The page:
For some people, the thought of quitting their day job to pursue the entrepreneurial life is exhilarating. For many others, it’s terrifying. After all, a stable job that delivers a regular paycheck is a blessing. And not everyone has the means or the desire to take on the risks and responsibilities of working for themselves.
But what if we could quickly and easily create an additional stream of income without giving up the security of a full-time job? Enter the Side Hustle and Chris Guillebeau, a New York Times bestselling author and modern-day explorer. During a lifetime of self-employment, he has modeled the proven definition of an entrepreneur: “Someone who will work 24 hours a day for themselves to avoid working one hour a day for someone else.”
Tell us about your personal path. How did you get interested in side hustles?
I’ve done nothing but side hustles for my entire adult life (20 years full-time). I learned from a young age that I was unemployable, so I had to find a different path. That path led me to serving as a volunteer aid worker for 4 years in West Africa, then to a quest to visit every country in the world by my 35th birthday. All of this was enabled in one way or another by side projects.
What are some common misconceptions you hear about side hustles?
I think a lot of people think of this trend as just another part-time job, basically working 15-20 hours a week for yet another company or boss after working their regular job. But I’m trying to show people how to create assets for themselves, so that they can earn extra income without just working more all the time.
Another thought line is that the so-called gig economy is a great way to side hustle. In a lot of ways, the gig economy is just another job, except one that has no benefits and could disappear at anytime without warning. So the same principle is true: much better to create an asset for yourself, using the skills you already have, so that you have more options going forward.
Why do you advise people NOT to quit their job, but to continue to work while earning money on the side?
Well, a lot of people like their jobs! They don’t necessarily want to slam the door behind them tomorrow, and they don’t relate to messages that imply there’s something wrong with them if they’re not ready to be an entrepreneur.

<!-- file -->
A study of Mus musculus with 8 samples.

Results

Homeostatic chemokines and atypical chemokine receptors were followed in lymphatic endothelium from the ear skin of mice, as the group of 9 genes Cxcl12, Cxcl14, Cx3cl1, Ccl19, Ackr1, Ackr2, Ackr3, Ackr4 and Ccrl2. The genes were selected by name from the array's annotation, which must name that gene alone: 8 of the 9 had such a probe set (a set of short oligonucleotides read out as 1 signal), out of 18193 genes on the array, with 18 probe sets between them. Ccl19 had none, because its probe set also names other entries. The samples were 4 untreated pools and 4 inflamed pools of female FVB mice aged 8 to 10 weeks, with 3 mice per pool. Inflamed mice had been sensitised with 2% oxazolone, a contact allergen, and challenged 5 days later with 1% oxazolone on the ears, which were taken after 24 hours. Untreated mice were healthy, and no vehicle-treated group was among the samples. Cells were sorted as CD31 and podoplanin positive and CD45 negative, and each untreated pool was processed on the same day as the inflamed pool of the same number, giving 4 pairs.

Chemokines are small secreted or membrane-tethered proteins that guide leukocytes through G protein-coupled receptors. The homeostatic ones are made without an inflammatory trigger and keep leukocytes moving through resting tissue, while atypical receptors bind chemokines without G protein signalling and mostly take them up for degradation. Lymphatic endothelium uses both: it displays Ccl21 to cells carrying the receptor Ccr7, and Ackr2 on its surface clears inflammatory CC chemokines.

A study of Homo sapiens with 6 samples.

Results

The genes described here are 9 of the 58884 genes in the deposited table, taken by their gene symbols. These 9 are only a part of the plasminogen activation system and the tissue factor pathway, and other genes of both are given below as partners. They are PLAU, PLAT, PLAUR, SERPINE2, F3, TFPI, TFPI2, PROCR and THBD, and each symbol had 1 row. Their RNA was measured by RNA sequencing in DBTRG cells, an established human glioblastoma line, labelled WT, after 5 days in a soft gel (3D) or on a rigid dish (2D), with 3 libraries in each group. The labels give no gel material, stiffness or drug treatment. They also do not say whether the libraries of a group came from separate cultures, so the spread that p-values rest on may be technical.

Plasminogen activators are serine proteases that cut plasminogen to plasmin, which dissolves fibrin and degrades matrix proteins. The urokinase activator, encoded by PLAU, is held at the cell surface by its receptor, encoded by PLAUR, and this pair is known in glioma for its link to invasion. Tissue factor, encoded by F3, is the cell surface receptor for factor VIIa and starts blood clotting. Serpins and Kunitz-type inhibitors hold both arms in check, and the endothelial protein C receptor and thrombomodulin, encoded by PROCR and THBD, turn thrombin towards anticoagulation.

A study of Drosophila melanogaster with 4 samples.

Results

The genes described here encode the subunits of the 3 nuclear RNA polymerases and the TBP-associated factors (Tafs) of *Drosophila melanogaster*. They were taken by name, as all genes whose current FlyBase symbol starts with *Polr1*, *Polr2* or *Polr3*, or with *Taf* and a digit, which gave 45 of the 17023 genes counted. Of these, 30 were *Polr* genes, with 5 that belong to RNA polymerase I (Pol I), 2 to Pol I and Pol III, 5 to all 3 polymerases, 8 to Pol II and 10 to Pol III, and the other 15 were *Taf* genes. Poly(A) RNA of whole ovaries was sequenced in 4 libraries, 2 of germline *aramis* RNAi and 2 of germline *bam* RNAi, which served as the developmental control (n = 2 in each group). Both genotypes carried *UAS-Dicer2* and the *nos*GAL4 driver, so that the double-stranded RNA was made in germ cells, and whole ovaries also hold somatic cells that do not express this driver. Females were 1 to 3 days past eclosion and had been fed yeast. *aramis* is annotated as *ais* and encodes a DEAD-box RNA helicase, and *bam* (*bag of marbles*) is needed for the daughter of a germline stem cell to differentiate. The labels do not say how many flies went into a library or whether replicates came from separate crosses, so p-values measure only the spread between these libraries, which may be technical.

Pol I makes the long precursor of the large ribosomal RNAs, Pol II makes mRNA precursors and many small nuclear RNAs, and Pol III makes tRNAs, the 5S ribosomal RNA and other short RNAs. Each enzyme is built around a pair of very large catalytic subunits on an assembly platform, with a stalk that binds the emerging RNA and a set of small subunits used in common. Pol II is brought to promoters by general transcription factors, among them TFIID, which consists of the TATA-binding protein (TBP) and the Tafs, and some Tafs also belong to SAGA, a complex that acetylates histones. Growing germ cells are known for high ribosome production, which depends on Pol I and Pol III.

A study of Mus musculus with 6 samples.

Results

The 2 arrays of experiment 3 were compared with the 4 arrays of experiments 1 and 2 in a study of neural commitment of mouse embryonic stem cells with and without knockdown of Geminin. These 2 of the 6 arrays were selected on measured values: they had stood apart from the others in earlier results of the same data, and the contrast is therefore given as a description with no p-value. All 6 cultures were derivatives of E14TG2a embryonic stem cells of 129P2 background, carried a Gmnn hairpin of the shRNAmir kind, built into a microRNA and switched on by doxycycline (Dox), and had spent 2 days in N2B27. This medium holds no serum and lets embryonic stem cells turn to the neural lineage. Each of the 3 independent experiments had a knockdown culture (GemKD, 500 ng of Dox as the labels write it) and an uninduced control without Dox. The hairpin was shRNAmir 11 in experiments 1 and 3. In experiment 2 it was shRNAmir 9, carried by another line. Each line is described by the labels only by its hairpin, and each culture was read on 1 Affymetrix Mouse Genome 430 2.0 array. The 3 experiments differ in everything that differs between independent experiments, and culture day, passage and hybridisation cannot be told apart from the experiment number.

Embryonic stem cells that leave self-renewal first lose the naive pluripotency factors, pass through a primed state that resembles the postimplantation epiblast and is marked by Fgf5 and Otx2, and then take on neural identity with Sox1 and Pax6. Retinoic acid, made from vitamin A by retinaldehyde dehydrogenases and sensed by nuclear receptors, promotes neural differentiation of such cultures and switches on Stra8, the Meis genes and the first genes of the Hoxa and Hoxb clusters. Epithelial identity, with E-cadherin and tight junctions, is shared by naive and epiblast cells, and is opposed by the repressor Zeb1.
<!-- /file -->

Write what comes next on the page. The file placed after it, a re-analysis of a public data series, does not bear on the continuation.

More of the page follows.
Related, not everyone can quit their job right away. In fact, most people can’t. But between the “just keep doing the same thing” path and the “leap and the net will appear” path, there’s a third, better way: don’t quit your job, but do create another source of income while you’re still there.
What did you learn through writing this book and gathering stories about others' side hustles?
I’ve been surprised at how important the role of creativity is for people. A lot of folks want to start their hustle not only for extra income, but as a chance to do something different from what they do for their day job or hobbies.
I’ve also noticed a common theme: when people make money apart from their paycheck for the first time, even if it’s a small amount of money, they get really excited. It feels empowering. Some people even say “I looked at my life different after this.”
So to me, these responses illustrate why having a side hustle is so important. Even if it doesn’t grow into a big business, there’s little in the way of downsides and almost no risk to starting.
Don't Miss Chris in Minneapolis
Guillebeau will be in Minneapolis November 14, 2017 for the Side Hustle School World Tour. Don't miss your chance to learn and talk about how to get your side hustle idea out into the world.